Continued from A Previous Blog
5 – Build Trust through Transparency
Going back to loyalty, most new hires have very little commitment to your organization on day one. After seeing my hardworking mom get laid off three times when I was young, I learned that loyalty isn’t automatic in any direction today. It must be earned over time from both sides. The best way I’ve seen this happen with clients is by increasing their level of transparency. In a skeptical society where news outlets share stories of leader after leader doing bad things or not being who they said they were, it is essential that organizations and managers be as open and honest as possible with their staff. If you leave any gaps of information, workers will fill in the missing pieces with their own assumptions (typically negative ones). Consider ways to be more authentic, sincere and accessible to your staff and they will become more loyal every day. If they truly believe you have their back and would fight for them, if needed, they will have your back too!
6 – Retention is Everyone’s Job
At many companies, when turnover rises executives point to HR to fix it, whose plate is overflowing with terminations, payroll, benefits management, and back-fill recruiting. HR then blames bad managers for running off good people, and managers push back complaining the company does not give them enough time or training to manage their people appropriately. The real issue is that no one OWNS retention. It’s time to build a culture of retention, where people at all levels understand the benefits of retaining staff.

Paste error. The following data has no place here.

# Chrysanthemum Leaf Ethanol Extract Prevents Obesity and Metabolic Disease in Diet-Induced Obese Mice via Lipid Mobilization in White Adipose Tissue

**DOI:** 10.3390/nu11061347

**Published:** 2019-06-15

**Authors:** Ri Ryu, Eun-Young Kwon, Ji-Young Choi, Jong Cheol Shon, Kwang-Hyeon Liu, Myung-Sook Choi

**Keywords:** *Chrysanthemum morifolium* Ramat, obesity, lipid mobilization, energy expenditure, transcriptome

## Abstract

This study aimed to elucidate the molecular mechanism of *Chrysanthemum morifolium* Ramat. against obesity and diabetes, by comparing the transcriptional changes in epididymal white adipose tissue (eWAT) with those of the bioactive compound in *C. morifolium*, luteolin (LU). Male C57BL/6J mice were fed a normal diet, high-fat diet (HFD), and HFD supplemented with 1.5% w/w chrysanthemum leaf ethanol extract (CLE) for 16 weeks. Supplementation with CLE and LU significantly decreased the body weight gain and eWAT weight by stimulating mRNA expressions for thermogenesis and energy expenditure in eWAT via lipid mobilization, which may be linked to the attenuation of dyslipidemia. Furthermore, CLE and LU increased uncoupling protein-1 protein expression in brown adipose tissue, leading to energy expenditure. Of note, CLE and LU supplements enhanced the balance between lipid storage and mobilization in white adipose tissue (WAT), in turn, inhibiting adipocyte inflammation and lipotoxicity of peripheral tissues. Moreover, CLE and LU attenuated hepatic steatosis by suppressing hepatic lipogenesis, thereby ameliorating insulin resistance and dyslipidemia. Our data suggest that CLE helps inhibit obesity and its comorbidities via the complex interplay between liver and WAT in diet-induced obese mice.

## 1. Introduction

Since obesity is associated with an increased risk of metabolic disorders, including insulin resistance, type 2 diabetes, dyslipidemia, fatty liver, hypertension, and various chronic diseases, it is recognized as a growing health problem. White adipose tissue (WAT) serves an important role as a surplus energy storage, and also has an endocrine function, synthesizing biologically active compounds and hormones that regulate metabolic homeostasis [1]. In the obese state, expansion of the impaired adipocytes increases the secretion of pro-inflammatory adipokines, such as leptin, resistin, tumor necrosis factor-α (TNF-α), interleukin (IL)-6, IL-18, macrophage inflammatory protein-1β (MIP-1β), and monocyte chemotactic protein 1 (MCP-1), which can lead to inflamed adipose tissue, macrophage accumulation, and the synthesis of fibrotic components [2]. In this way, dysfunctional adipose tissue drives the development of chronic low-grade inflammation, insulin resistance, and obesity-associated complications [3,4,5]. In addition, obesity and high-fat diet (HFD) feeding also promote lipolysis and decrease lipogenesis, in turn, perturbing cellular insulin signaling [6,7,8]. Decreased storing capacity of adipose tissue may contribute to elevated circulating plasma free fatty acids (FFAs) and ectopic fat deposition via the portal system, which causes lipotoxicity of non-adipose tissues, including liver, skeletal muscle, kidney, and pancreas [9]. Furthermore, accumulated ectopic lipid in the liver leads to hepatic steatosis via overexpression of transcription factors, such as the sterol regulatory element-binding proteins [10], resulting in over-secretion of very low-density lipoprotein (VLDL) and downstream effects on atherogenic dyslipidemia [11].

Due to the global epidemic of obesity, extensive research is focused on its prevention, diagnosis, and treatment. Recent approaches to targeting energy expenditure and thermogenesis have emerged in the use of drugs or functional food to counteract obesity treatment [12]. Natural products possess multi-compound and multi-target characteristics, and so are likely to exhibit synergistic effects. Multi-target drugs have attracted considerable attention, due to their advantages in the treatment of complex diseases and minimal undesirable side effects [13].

Are your staff rewarded for recruiting new hires and given tenure bonuses tied to how long those new hires stay? Be sure you have incentives built in, but also educate all staff on reasons to work together on retention efforts so they are not constantly short-staffed. And reevaluate how you incentivize your managers as well, if retention isn’t already a part of their current compensation model. Are your management bonuses short-term or long-term focused? If they are tied to quarterly goals, remember that some business decisions, which would be better in the long run of the organization, are likely to be overruled for an alternative that will provide those managers with quick money on their next check. And if turnover is a growing issue, ensure your managers at every level are compensated for improving employee retention within their departments.
Same Approach = Same Results
If the trajectory of your employee turnover is headed in a positive direction, then keep doing what you’re doing. However, if your retention is getting worse every year, it is likely time to try a new approach. Is it time for your leaders to think differently about their management mindset? If so, then it is time to demand more leadership training to create a culture of retention where leaders at all levels own it.
Cara Silletto, President & Chief Retention Officer at Magnet Culture, is committed to reducing unnecessary employee turnover by bridging generational gaps and making managers more effective in their roles. Visit Magnet Culture for programs of solving workforce challenges, or contact Cara at [email protected].